Morrison’s new speed cameras seem to be working

Hart Van Denburg/CPR News
A sign on Bear Creek Avenue, Hwy. 8, on the east side of Morrison, warns motorists that speed radar is used in the 25mph zone heading out of town. May 29, 2024.

More than 10,000 drivers doing at least 10 miles over the 25 mph speed limit sped past the town of Morrison’s new speed camera on the eastern edge of downtown over a two-week period in May.

A flurry of news stories followed

Then, said Morrison Police Chief Bill Vinelli, the thing he hoped would happen did: The new automated system recorded far fewer speeders over the next two weeks — just 6,000. 

“I think the word is getting out,” Vinelli said. 

Morrison, long known as a speed trap town, is one of the first local governments in Colorado to take advantage of a 2023 law that allows them to install and use speed cameras in more places. The Colorado Department of Transportation says it too will start using enforcement cameras on highways after another expansion was signed into law on Wednesday.

Nathaniel Minor/CPR News
Morrison Police Chief Bill Vinelli stands on Bear Creek Avenue on Wednesday, June 5, 2024.

“We're trying to be progressive and proactive in keeping all the residents safe,” Vinelli said. “We feel that we have a good handle on it.”

That handle goes beyond cameras. City officials, with the support of the Colorado Department of Transportation, will soon begin another speed-limiting venture: a redesign of the town’s main drag, Bear Creek Avenue.

Morrison’s central thoroughfare hasn’t seen many crashes. But the town wanted to slow traffic anyway

The city counted 23 crashes on Bear Creek Avenue between 2019 and 2023, resulting in just three serious injuries, said Morrison Town Planner Carrie McCool. All of those seriously hurt, however, were either biking or walking, she said. A recent survey of town residents also shows speeding and traffic are a common concern. 

So Morrison officials are planning a modest overhaul of Bear Creek Avenue meant to slow drivers and improve safety for pedestrians and cyclists.

Nathaniel Minor/CPR News
Pedestrians walk across Bear Creek Avenue in downtown Morrison on Wednesday, June 5, 2024. The road, which is also a state highway, is scheduled to be redesigned in 2025 to increase pedestrian safety.

“And also we want people to go slower so they will park and come eat at our fabulous restaurants,” McCool said. 

Morrison officials initially proposed installing new medians with planters between traffic lanes and raised crosswalks — street design features that research shows can slow drivers — as part of the project. But business owners, community members, and first responders all objected, McCool said. 

The most recent redesign proposal, which town officials hope to build next year, includes more brightly painted crosswalks, a new flashing beacon for pedestrians, and other improvements for wheelchair users.

“It will definitely calm the traffic,” McCool said. 

Fines aren’t rolling in just yet, but the town expects them to

Sixteen-thousand speeding violations won’t necessarily lead to 16,000 traffic tickets being sent to drivers, Vinelli said. If a license plate is obscured or the town’s speed camera vendor can’t track down a vehicle’s owner, for example, a citation won’t be issued.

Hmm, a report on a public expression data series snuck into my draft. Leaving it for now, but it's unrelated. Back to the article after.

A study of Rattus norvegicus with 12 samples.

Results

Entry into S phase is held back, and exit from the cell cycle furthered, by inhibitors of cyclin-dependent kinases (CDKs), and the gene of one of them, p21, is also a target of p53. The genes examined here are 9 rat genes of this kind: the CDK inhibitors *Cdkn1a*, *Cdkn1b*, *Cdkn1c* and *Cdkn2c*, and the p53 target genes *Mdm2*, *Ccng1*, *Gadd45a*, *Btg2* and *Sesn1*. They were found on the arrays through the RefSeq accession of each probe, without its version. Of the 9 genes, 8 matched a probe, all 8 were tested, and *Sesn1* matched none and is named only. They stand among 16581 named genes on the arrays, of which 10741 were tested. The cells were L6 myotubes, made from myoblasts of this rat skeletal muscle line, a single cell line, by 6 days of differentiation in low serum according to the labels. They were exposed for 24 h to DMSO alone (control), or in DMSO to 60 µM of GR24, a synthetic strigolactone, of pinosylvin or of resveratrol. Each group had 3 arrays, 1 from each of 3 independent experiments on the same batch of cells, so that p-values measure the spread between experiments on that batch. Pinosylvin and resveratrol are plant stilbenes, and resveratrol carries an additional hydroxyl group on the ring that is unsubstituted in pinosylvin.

Of the tickets that have been sent with the new automated speed camera, Vinelli said, only 190 have been paid as of Thursday afternoon. Morrison receives $28 out of every $40 citation, he said. The town pays its vendor an hourly fee to run the camera system.

“We’re not doing it for the revenue,” Vinelli said. “I’m hoping it curbs your behavior.”

Despite its reputation as a speed trap, Morrison is not as reliant on speeding ticket revenue as it once was. 

Nathaniel Minor/CPR News
A driver travels under the 25 mph speed limit as they pass a speed camera at the edge of downtown Morrison on Wednesday, June 5, 2024.

In 2017, budget documents reviewed by CPR News show traffic ticket revenue was about $1.1 million out of an approximately $2.5 million budget. That fell in more recent years, especially when a string of police chiefs didn’t bring in as much revenue as town leaders expected. A consultant’s report, first reported by 9News, also criticized the town’s ticket-writing practices. 

Town leaders are now forecasting a significant increase in revenue from traffic tickets. It collected just $135,759 in all court fines, which include speeding tickets, in 2022, and an estimated $250,000 in 2023. In 2024, though, town officials are predicting that figure to jump to $750,000.

Mayor Chris Wolfe, however, cautioned that the estimate could very well turn out to be unreliable.

“It’s very unpredictable on what the revenue will be,” he said. “We’re not planning on it.”

Vinelli said some of the ticket revenue will go to the police department, but most will end up in the town’s general fund. 

Even though speeding violations have dropped in the last two weeks, they could tick up again soon. The sole automated camera currently operating now catches speeders as they leave town to the east. Vinelli said they will soon set the camera so it also catches speeding westbound drivers as they enter Morrison. 

Vinelli said he’s heard from several angry drivers in recent weeks. His advice to anyone who doesn’t want to get a ticket is predictable: slow down. 

“If it's a speed trap and you know that, why do you speed through Morrison? That's mind-boggling to me,” he said.